On Mandelbrot and Fractals The


On Mandelbrot and Fractals

The pictures that you might see around the web of the Mandelbrot set are a kind of haze on a very precise, very interesting mathematical entity. Fractals images are generated around complex numbers--that is a number with a real root and an imaginary root. (recall that the basic definition of an imaginary number i is the square root of negative one--or that number which, when multiplied by itself will yield negative one.)

A number in the complex plane is tested to see if it belongs to the Mandelbrot set. The test is to plug the number into the equation

Z= Z^2+C.

The number you are testing is C. Z starts at zero. You calculate the value using the value of C. Once you arrive at a value, you use the new value to plug back into the equation. Say for example you start with 2i. The answer the first time around to the equation is 2i. The next time you figure your result, you will need to calculate

Z=2i^2+ 2i, or -4+2i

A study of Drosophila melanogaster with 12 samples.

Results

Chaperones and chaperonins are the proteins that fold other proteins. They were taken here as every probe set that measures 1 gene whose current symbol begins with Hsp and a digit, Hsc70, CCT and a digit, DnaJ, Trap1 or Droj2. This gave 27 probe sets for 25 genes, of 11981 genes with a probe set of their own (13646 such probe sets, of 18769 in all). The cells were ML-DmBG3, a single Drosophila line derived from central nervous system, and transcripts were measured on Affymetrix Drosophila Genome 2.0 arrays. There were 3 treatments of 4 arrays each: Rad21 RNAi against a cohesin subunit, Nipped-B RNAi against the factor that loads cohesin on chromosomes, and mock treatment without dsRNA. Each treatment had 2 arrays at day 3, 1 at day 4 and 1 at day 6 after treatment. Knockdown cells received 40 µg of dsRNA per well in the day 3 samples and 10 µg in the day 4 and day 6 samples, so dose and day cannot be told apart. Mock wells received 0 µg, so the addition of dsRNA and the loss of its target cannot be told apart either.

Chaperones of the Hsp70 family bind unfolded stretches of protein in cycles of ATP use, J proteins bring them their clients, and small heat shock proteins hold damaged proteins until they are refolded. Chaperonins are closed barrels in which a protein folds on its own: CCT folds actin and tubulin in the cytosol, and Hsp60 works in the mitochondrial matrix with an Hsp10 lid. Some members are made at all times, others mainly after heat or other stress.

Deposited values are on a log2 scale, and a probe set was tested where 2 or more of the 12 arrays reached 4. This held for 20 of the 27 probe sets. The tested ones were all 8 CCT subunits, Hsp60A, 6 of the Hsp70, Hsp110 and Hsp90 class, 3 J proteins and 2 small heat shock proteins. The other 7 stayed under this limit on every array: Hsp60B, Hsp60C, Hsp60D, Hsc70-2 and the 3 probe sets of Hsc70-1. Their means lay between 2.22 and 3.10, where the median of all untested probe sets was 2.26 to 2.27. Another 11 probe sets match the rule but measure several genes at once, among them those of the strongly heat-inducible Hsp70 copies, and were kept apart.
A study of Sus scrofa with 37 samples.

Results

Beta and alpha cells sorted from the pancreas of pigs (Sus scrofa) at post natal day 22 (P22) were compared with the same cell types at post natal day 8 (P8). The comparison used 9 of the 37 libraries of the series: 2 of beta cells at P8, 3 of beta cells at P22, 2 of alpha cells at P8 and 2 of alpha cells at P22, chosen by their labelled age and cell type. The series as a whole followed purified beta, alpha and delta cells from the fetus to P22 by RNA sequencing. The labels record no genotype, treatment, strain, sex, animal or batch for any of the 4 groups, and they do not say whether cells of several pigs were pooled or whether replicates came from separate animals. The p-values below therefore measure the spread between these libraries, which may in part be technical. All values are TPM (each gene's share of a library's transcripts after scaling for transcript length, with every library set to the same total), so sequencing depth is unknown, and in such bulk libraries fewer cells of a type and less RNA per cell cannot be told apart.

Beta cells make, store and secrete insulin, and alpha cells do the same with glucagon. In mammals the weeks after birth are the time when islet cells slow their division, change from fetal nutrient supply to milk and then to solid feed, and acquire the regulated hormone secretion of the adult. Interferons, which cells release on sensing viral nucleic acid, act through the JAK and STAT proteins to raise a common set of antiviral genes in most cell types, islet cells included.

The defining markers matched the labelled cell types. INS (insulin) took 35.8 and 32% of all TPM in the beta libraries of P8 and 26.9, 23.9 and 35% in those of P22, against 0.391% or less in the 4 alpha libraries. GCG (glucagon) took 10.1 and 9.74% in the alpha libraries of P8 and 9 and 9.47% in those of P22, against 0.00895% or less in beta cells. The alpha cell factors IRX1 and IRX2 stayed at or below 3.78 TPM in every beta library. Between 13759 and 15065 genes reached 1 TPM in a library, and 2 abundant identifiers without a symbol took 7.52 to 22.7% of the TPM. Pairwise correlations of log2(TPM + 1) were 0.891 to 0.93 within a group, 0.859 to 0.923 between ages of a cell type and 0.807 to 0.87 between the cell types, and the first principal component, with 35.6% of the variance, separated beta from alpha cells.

For a point to be part of the Mandelbrot set (the dark area of any Mandelbrot diagram) the magnitude of the value of Z (the absolute value) must never exceed 2. Thus, with our example, 2i is not a point on the Mandelbrot set, nor is it likely even to be in an interesting area around the set.

Now, some points will never exceed 2; for example, 0i will never exceed 2, because the result will always be 0. If results do exceed 2, they will rapidly increase to infinity. You assign colors to points based on how rapidly the value of Z increases in that region. Thus you get the highly colored, multi-textured diagrams of the Mandelbrot set. Of course, the Mandelbrot set is only the most famous body of fractals. There are all sorts of ways to generate fractals, including such things as julia sets, cantor dusts, sierpinski gaskets and triangles, koch curves, and newtonian basins of atrraction. Each yields a unique and beautiful pattern. Anyway, I hope that this brief introduction has sufficiently impressed you that you feel free to go forth and explore this amazing mathematical world.

Click here for an image of a fractal from a private page. Click here to see the page and get perhaps a clearer explanation for what is happening.